Arrest or Summons – How Your Massachusetts Criminal Case Starts
Arrest or Summons – How Criminal Cases in Massachusetts Start
Most people understand what it means to be arrested. The police put handcuff on you and take you to the police station, where you are “booked” and then either held in custody to go to court or released and allowed to show up to court on your own. If you are arrested during hours when the courts are in session, you will usually be brought to court by the police to be arraigned. When someone is arrested after court hours, the police will call a bail clerk to the station and the clerk will set the amount of bail you have to post in order to be released. If you fail to show up to court when you are supposed to, the bail is “forfeited” and whoever posted the bail loses it.
Sometimes, rather than arresting someone, the police will seek a summons from the court. A summons is an order issued by the clerk’s office telling you to show up at court for a clerk’s hearing or an arraignment. If you don’t show up when ordered, a warrant will issue for your arrest.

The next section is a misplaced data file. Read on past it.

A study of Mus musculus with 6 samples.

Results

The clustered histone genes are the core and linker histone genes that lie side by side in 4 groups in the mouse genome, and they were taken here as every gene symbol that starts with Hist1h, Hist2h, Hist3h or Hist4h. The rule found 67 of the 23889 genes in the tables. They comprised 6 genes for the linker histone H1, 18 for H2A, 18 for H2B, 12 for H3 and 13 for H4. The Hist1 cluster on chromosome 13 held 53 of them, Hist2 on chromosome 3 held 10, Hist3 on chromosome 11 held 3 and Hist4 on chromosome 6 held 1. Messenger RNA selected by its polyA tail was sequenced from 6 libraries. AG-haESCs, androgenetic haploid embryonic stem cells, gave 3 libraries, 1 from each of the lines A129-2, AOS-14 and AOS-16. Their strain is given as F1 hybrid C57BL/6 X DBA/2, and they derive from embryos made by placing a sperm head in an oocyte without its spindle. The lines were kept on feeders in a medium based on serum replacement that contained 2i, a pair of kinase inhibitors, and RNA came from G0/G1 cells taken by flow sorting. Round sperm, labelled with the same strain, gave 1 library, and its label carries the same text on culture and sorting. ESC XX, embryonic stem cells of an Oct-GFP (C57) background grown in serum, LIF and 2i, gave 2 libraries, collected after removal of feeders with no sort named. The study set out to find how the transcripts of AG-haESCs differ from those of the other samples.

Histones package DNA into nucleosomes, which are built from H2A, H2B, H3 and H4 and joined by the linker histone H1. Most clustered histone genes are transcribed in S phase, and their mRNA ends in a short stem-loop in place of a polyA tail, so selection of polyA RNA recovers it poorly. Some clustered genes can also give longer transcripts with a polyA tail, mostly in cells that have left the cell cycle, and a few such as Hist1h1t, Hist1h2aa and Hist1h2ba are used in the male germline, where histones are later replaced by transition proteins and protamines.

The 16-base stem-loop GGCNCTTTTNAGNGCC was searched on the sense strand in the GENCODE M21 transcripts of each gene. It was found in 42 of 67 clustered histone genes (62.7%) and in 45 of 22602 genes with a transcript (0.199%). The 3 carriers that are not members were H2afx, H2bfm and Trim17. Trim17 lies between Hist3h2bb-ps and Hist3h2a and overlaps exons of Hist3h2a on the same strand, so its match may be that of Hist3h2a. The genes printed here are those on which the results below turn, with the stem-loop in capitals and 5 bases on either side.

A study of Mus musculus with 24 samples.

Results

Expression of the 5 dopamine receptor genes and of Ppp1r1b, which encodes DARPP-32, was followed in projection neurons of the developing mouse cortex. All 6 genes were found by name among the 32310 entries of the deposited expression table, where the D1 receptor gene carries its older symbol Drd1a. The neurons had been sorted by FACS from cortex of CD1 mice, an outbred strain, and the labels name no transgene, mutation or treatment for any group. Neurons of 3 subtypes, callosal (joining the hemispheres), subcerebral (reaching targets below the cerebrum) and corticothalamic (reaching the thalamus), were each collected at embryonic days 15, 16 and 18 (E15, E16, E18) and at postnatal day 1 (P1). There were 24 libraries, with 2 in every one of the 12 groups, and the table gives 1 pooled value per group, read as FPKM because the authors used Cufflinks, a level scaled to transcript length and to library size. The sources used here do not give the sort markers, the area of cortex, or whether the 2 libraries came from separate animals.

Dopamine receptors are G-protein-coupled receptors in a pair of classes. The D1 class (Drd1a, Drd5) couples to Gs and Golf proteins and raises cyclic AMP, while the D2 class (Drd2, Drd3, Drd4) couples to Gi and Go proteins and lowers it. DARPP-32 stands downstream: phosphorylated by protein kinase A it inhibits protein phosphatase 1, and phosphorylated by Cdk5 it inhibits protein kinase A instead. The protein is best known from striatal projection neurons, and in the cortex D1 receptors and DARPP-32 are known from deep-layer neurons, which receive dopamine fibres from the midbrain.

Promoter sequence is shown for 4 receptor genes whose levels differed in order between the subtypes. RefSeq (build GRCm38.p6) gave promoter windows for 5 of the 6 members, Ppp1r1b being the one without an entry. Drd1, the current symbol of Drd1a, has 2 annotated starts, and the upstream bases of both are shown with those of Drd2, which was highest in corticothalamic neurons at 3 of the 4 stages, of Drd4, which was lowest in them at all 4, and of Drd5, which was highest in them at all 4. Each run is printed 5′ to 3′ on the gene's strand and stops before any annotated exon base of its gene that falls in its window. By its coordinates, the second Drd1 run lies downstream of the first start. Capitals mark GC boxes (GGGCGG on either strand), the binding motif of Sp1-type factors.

If you’re accused of committing a misdemeanor crime and you aren’t arrested, and if a police officer didn’t witness the event you are charged for, you’re entitled to a Show-Cause Hearing – also called a “Clerk’s Hearing” – before a Clerk-Magistrate in District Court.
If the Clerk Magistrate decides that probable cause has been shown, a criminal Complaint is issued by the Magistrate, and a District Attorney, or “prosecutor”, then prosecutes the case based on that Complaint.
If a police officer is a witness to the event that you are being charged for, he or she can write an Application for Complaint, under oath, and the Clerk Magistrate can issue a criminal Complaint based on that application. No Clerk’s Hearing will take place. At that point you will be mailed a Summons to appear for Arraignment on the new criminal charge.
More serious felony cases begin in Superior Court after an Indictment has been brought by the government through a Grand Jury. Sometimes more serious cases will start in District Court after someone is arrested, and the prosecutors will go before a grand jury and get an indictment to move the case to Superior Court. Once an indictment is obtained, the person is arraigned in Superior Court and the District Court Complaint is dismissed.